Exports of U.S. pork and beef gained momentum in March after starting the year slowly, according to data released by USDA and compiled by the U.S. Meat Export Federation (USMEF).
Although pork exports were down from the large totals recorded in March 2014, export volume was the largest in 11 months at 191,041 metric tons (mt). This was 9 percent lower than a year ago, but a 10 percent increase from February. Export value of $495.3 million was down 18 percent year-over-year, but up 5 percent from February.
March beef exports totaled 86,774 mt, down 7 percent from a year ago but a 5 percent increase over February. Export value was $527.3 million, up 2 percent year-over-year but down slightly from February.
The March results reflect some degree of relief from the West Coast port congestion that plagued red meat exports in January and February. Port traffic began to improve after a tentative labor contract was reached in late February, though congestion lingered for several weeks at some major ports.
“Port congestion remained an issue well into March – and even into April in the Southern California ports – but the announcement of the new labor contract certainly improved the business climate,” said USMEF President and CEO Philip Seng. “After months of frustration, the U.S. meat industry was finally able to reassure Asian buyers that the worst of the crisis was behind us and that they could once again count on the U.S. to fulfill its role as a reliable supplier. This was especially important for customers purchasing chilled pork and beef, which require very prompt delivery due to product shelf life.”
In addition to shipping concerns, U.S. exporters have found their competitive position in some key markets damaged by large volumes of lower-priced products from other supplying countries. In many cases, diminished purchasing power due to the strength of the U.S. dollar has made the price disadvantage even more severe. Market access barriers also remain a concern in some markets, most importantly China and Russia.
“Closure of the Russian market to European pork continues to impact all major pork suppliers, as the EU has focused very aggressively on alternative markets in Asia,” Seng said. “In the beef complex, the projected slowdown in Australia’s production may still be coming, but certainly did not materialize in the first quarter.
“These are unusual conditions that are made more difficult by the strong U.S. dollar, but now isn’t the time to dwell on the stiff headwinds we are facing. We must aggressively defend the customer base the U.S. industry has worked so hard to build over the years by reaffirming the value and quality delivered by U.S. red meat.”
March pork export volume highest since April 2014
March pork exports accounted for 25 percent of total production and 21 percent for muscle cuts only – the latter being the largest percentage since July of last year. First-quarter ratios were 23 percent and 19 percent, respectively. Export value per head slaughtered was $50.10 in March, down nearly $20 from a year ago, but roughly steady with the per-head value recorded in March 2013. For the first quarter, per-head export value was $49.48, down 19 percent from last year and down 7 percent from the first quarter of 2013.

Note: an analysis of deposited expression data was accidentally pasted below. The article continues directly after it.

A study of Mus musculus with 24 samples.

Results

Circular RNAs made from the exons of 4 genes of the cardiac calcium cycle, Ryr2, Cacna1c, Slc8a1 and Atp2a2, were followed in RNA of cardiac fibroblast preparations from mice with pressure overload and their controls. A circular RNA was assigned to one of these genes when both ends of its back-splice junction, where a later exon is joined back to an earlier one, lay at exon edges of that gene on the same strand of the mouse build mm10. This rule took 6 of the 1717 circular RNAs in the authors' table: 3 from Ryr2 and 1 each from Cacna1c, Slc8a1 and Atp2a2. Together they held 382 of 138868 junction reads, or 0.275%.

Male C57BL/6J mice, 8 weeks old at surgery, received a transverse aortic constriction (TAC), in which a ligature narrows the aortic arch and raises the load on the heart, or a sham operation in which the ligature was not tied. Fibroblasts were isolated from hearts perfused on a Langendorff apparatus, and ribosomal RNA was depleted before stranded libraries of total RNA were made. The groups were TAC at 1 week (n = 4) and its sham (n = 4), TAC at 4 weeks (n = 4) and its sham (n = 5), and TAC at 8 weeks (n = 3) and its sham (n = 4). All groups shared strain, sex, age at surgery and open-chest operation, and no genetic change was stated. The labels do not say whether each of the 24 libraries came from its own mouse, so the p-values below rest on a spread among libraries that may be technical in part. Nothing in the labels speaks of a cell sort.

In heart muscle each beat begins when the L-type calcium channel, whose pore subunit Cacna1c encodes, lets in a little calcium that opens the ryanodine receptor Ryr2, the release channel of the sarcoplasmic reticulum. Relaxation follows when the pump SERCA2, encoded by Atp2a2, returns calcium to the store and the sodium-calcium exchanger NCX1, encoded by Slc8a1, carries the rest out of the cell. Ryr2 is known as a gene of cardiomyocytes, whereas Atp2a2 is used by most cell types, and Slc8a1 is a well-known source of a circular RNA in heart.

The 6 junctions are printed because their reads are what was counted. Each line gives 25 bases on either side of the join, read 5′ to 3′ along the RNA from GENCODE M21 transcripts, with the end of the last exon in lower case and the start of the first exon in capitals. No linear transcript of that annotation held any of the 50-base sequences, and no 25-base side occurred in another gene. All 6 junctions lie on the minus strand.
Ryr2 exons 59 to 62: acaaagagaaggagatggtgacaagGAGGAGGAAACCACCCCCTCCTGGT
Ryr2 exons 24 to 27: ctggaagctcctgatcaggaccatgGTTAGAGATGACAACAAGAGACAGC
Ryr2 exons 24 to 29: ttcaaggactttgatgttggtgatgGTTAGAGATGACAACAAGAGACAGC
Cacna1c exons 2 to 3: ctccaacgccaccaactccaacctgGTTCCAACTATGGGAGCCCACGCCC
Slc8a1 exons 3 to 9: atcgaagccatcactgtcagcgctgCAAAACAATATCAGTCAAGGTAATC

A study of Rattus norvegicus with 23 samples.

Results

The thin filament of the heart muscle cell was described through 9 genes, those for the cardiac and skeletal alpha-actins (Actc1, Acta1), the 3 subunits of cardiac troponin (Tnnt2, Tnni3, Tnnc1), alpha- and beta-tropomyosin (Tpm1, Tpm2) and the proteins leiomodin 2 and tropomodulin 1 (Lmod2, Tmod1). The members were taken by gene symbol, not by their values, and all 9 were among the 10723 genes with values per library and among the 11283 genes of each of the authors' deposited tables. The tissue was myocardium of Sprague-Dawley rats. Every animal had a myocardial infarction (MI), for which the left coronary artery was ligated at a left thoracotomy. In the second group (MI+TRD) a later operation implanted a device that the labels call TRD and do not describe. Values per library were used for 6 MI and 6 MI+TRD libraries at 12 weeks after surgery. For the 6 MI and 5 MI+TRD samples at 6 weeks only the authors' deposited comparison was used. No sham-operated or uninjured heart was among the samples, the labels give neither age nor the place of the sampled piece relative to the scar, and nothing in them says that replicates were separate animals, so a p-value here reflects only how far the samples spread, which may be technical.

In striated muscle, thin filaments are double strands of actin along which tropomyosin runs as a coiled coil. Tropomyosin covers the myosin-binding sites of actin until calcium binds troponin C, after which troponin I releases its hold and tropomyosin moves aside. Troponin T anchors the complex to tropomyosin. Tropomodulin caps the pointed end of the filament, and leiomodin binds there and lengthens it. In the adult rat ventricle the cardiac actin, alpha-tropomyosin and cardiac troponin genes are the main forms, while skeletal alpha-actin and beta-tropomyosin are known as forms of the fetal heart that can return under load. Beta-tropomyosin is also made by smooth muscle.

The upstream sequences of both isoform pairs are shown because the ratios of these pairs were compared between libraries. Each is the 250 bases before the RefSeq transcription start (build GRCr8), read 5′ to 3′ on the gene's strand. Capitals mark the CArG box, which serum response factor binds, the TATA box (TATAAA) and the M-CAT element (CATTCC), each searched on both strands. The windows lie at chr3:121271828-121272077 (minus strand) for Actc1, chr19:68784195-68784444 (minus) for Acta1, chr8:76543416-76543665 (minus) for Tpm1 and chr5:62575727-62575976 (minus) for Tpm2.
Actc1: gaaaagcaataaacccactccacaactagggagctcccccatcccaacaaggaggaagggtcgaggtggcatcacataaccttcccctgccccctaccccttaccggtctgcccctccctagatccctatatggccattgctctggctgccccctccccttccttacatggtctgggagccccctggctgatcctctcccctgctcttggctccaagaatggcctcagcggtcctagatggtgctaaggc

First-quarter pork exports to Mexico topped last year’s record pace by 7 percent in volume, reaching 179,507 mt, though value was down 6 percent to $321.2 million. Year-over-year growth in the first quarter was led by South Korea, where exports increased by 43 percent in volume (57,376 mt) and 55 percent in value ($180.4 million). Exports to Canada were up 2 percent in volume (48,905 mt) while export value was steady with last year’s pace at $192.4 million.
Offsetting these results, however, were lower exports to Japan and China/Hong Kong. First-quarter exports to Japan declined 13 percent in volume (103,921 mt) and 19 percent in value ($386.6 million) as Japan’s total imports slowed after accumulating large frozen inventories of EU pork. Exports to China/Hong Kong fell 40 percent in volume (67,754 mt) and 42 percent in value ($152.1 million) in the first quarter, although March exports were the largest in 12 months. Results in Latin American markets were mixed, with year-over-year growth achieved in the Dominican Republic, Honduras, Guatemala and Panama, but exports declined to Colombia and Chile.
Japan, Mexico still mainstays for U.S. beef
March beef exports accounted for 10 percent of total production and 13 percent for muscle cuts only, slightly exceeding first-quarter ratios but down from 11 percent and 14 percent, respectively, from March 2014. Export value per head of fed slaughter was $284.30 in March, up 5 percent from a year ago. For the first quarter, per-head export value was $290.32, up 9 percent.
So far in 2015, beef exports to Japan have performed extremely well despite significant obstacles – including the West Coast port situation, a weakened Japanese yen and a tariff advantage for Australian beef under the recently implemented Japan-Australia Economic Partnership Agreement. First-quarter exports to Japan increased 4 percent in volume (48,347 mt) and 11 percent in value ($322.8 million). Exports to Mexico increased 4 percent in value ($285 million) despite slipping 1 percent in volume (56,582 mt).
Beef exports to Korea got off to a very slow start in 2015, but continued to gain momentum in March. First-quarter volume was still down 4 percent from a year ago to 27,624 mt, but export value was up 2 percent to $204.1 million. Exports to Taiwan trended in the opposite direction, slowing in March after a very solid start. First-quarter volume to Taiwan was down 10 percent to 6,382 mt, while value was up 11 percent to $64.1 million. Exports to Hong Kong, which were record-large in 2014 but slowed toward the end of the year, were down 21 percent in volume (27,841 mt) and 6 percent in value ($211.9 million) in the first quarter.